Biography of Ogden Nash
Fredric Ogden Nash was an American humorist who lived from 1902 to 1971.
He was born in 1902 in Rye, New York, where he grew up with well educated
parents. Microsoft Encarta 95 said that his parents names were Edmund Strudwick
Nash and Mattie Nash. During his childhood years, Nash was educated at several
private schools. At these schools, he enjoyed writing his own comical and
dramatic free verse poems.
After graduating out of grammar school, Nash moved on to one of the best
private high schools in the east: St. George's in Newport, Rhode Island.
Moving on in his life, he enrolled at Harvard at the age of 18 (from 1920-1921).
Contemporary American Poets stated that Nash then took a job in the
editorial and publicity department at the Doubleday and Doran Publishing Company.
He worked very hard at this position, moving up the "executive" ladder very
quickly. In only 5 years of work, he became a well-known editor around the
publishing business. Nash then realized that his name was known all over the
publishing companies; and he started to compose works of free verse.
Mindscape Complete Reference Library CD stated that 1931 was the
greatest year of Nash's life. In June, he married Frances Rider Leonard of
Baltimore, Maryland. Also in 1931, he published two books of free verse:
"Hard Lines" and "Free Wheeling." Contemporary American Poets made an
interesting statement on these first two books by Nash: "These two books show
poetry of remarkable freedom of scansion (rhythm pattern) and uncoventional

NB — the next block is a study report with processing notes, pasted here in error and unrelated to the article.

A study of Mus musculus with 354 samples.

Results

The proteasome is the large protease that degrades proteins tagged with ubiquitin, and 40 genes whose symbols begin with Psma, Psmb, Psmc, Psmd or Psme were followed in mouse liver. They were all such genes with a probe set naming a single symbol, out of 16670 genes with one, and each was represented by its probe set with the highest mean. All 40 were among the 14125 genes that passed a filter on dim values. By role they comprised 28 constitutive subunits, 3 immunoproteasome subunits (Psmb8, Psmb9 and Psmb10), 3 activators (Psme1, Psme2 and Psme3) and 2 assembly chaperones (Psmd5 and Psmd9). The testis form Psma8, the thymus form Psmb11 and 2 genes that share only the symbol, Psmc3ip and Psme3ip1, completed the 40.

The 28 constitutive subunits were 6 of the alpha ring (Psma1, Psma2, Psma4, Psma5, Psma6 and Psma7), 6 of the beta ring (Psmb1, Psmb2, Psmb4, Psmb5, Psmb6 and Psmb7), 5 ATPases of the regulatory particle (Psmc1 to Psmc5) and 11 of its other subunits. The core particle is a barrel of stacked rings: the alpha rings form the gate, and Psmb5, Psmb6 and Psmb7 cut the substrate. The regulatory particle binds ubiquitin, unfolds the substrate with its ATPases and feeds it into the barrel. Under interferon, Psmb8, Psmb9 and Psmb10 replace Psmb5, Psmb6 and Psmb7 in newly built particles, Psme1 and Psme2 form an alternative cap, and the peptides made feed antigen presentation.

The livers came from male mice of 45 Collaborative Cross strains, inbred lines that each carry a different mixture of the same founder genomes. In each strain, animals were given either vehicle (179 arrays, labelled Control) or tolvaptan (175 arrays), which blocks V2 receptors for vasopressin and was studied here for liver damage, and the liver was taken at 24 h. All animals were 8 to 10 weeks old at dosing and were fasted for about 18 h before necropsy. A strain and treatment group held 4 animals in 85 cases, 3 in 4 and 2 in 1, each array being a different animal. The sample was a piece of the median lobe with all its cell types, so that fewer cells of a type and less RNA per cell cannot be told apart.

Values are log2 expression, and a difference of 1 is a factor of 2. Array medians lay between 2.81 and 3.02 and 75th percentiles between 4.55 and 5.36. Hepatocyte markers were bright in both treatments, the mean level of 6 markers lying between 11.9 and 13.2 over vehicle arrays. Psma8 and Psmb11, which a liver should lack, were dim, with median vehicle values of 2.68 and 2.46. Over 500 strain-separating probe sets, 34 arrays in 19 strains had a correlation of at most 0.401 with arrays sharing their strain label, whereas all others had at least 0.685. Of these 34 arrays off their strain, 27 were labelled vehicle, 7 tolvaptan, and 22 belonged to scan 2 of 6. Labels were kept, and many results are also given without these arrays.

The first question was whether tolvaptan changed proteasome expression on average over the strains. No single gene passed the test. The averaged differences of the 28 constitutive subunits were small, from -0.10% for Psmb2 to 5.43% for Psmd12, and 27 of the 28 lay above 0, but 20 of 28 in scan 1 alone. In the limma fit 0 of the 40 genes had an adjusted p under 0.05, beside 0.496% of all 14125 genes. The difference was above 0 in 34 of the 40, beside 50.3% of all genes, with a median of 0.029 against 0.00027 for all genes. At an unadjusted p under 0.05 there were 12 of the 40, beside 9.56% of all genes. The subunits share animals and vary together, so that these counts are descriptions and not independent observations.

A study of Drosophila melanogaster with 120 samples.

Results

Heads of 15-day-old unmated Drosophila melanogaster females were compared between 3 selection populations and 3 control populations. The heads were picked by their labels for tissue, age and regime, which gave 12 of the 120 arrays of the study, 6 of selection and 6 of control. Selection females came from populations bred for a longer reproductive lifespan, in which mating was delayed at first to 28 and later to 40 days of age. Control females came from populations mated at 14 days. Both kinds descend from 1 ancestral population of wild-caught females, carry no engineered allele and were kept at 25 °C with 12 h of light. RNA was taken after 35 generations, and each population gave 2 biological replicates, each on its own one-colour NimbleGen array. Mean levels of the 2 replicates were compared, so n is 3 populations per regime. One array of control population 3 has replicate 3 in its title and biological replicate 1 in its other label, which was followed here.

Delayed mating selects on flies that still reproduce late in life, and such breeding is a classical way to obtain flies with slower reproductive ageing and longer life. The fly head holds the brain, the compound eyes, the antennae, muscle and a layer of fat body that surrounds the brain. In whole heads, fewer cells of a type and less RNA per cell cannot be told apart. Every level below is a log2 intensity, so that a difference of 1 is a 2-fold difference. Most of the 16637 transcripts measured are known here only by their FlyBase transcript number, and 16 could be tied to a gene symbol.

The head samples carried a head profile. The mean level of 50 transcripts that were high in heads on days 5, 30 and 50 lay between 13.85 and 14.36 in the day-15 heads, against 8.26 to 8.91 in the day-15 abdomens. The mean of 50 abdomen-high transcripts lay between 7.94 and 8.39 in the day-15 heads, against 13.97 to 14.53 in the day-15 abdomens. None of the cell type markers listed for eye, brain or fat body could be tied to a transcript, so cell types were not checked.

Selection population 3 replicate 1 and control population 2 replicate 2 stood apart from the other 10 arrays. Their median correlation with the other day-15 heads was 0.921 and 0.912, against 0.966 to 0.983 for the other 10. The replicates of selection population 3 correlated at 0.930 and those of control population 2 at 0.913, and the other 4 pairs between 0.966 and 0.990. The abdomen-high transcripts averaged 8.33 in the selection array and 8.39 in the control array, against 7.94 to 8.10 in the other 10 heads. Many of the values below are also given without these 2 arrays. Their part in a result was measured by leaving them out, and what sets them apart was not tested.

feelings of thoughts." Contemporary American Poets showed clearly that Nash
"paved" the way for authors of free verse with absolutely no pattern.
After working on other poetry books such as Happy Days (1933), The Bad
Parent's Garden of Verse (1936), and I'm a Stranger Here Myself (1938), Nash
retired from his job at Doubleday to focus all of his time on writing free verse.
He went on to write many poems, all being free verse. Some were serious, but
most of them were humorous. Other examples of his collections include: Good
Intentions (1942), Versus (1949), Family Reunion (1950), Parents Keep Out (1951),
The Moon Is Shining Bright as Day (1953), The Private Dining Room (1953), You
Can't Get There from Here (1957), Everyone but Thee and Me (1962), Marriage
Lines (1964), Cruise of the Aardvark (1967), There's Always Another Windmill
(1968), and Bed Riddance (1968).
Contemporary American Poets also said that Nash appeared in a dozen
periodicals and in Hearst's New York Journal. It also stated that Nash had to
pretend to be funnier than he really is, and he has to be funny when he wants to
Microsoft Encarta 95 said that Nash also wrote the musical comedy One
Touch of Venus (1943) in collaboration with the humorist S. J. Perelman and the
composer Kurt Weill.
Contemporary American Poets stated that Nash had blond curly hair,
glasses, and was adept at reciting his unpublished verse.
Ogden Nash was the prolific producer and one of the founders of humorous
verse. He passed away in 1971 at his Baltimore home.